The need for financial education is great, and many nonprofits and corporations work to increase financial literacy. BlackFem does things differently and, if I may, better!
Founder and CEO explains what is wealth literacy and why financial literacy may not be enough.
Sometimes we want to circumvent the bureaucratic process of formalizing partnerships with institutions and get down to what wakes us up every day: teaching students our wealth and financial literacy curriculum. So, when Charles Schwab recruited us to be a part of their 2017 #VolunteerWeek, we saw the perfect opportunity to do so.
In 1977 the Combahee River Collective, an organization of radical Black Feminists, released a statement detailing their mission to fight against systemic racism and sexism in American society.
New York, NY, December 6, 2016 (BlackFem, Inc.) — On December 3rd, 14 BlackFem, Inc. graduates pitched to over 60 investors and donors at the organization’s inaugural Finance Fair. Similar to a science fair, attendees circulated from station to station where a program graduate would make a pitch about a financial topic. Investors and donors listened to each pitch and dropped tokens into the participants’ baskets, which represented an investment in them. Each participant averaged 50 investments for the event, but the four girls who received the most investors now have the opportunity to become real investors as Kiva lenders.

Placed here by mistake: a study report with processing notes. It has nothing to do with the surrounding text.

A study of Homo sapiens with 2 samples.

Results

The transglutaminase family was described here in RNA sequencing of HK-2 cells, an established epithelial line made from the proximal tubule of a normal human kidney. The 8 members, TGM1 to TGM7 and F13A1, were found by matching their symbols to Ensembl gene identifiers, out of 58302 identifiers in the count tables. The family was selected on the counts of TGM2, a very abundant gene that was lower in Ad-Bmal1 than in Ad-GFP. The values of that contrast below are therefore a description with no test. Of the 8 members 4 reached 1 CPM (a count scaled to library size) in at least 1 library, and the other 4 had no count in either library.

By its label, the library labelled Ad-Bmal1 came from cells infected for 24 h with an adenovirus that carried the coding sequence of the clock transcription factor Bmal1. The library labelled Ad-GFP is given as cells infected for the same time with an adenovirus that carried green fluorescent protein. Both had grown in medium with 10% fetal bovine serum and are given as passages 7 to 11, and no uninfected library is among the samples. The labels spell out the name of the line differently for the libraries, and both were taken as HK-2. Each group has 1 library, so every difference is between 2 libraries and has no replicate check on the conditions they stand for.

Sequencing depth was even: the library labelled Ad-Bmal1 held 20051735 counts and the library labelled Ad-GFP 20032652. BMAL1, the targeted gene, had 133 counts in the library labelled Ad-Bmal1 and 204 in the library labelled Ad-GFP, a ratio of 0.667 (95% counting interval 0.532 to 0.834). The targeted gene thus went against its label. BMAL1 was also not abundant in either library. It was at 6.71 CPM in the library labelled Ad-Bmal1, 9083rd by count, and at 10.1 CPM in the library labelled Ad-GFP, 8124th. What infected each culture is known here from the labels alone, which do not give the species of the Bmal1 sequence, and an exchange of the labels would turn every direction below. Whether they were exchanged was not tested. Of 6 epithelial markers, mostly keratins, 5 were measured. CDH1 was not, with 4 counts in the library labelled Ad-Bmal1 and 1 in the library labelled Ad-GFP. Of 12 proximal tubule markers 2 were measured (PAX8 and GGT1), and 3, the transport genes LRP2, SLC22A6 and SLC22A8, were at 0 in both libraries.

Chloe is our 11 year old stock whiz, and she wants to tell you a thing or two about stocks!
Every solution starts with a problem. As a black woman, one of the biggest problems I see for myself, and others like me, is the lack of education and culture that promotes building wealth.
Let Airynn, one of our 10-year-old participants, take you through how BlackFem taught her about investing and why she thinks it's so cool.
Thank you for your support and contributions so far!
Join us to Invest In Change for our year-end fundraiser.